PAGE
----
DIY bicycle maintenance: time is money
How much of my time is worth spending fixing a broken thumb shifter? A week? That's how long it took Geoff Kuenning just to put his back together again. So let's see... £25 per hour x 7.5 hours x 5 days = £937.50. A new one is about £25 (my LBS offered to split a pair).
My thumb shifter jammed on a ride earlier this week. The one that shifts the rear mech, and my chain was stuck on the smallest sprocket. You're not scuppered of course. You can jury rig your rear mech to fix its position on the middle sprocket (notice the use of nautical expressions – it was raining hard at the time). I did not abandon ship but pressed on with the three gears available – the three chainrings – and got most of the way home.
Soon have this fixed, I thought. The thumb lever wasn't even trying to pull cable. It was locked solid. Anyway having removed the top, searched, read Geoff's page and then phoned my LBS ("yeah... it's a box of springs") I bought a new one and fitted it in less than five minutes. Just over £2 worth of my time. A bargain.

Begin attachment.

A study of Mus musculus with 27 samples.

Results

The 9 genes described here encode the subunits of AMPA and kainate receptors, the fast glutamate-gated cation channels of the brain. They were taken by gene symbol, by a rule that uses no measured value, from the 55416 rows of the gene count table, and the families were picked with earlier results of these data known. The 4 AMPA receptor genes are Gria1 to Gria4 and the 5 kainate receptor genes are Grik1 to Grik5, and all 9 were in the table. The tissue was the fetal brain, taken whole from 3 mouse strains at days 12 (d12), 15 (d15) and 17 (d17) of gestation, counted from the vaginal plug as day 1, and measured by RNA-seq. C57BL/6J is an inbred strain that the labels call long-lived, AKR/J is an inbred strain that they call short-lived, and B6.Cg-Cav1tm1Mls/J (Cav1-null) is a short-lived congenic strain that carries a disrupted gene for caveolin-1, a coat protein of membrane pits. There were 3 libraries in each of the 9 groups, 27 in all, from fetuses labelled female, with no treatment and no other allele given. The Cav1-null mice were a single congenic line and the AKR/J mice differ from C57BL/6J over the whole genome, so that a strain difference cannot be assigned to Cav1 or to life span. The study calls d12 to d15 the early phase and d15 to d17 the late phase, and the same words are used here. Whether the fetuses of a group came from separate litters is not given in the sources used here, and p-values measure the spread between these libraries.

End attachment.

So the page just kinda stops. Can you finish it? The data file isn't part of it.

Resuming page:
The £25. This is my current rate for doing something that is of no benefit to me. So, for example, if someone asked me to fix punctures (or mow their lawn) I will charge £25/hr. A few years ago it was less and in a few years it will doubtless be more. Time spent fixing is time not spent doing something I would choose to do: riding my bike, or even fixing my bike – and this is where it becomes complicated because some bike maintenance is fun and worth doing for its own sake. I'm quite happy to sit in the sunshine on a pleasant afternoon and polish my bike without thinking how much it 'cost'. Cleaning a bicycle chain, however, is only worth doing when it can be done quickly and with the minimum raw materials, otherwise it is more cost effective to buy new chains. Building bicycle wheels on the other hand is tremendous fun even if you save nothing. And so it goes on.
To return to the broken thumb shifter... I might strip it down in front of the TV one winter's night. Even if I can't put it back together I might learn something and I won't waste any valuable time. I had also thought of taking the opportunity to upgrade the drive train: better Deore XT thumb shifters, convert to 10 speed as Shimano is now 10-speed, new cassette, etc etc. It all made perfect sense but I resisted all that when I remembered how a few years ago a dripping tap led to a complete new kitchen right down to replacing the plaster.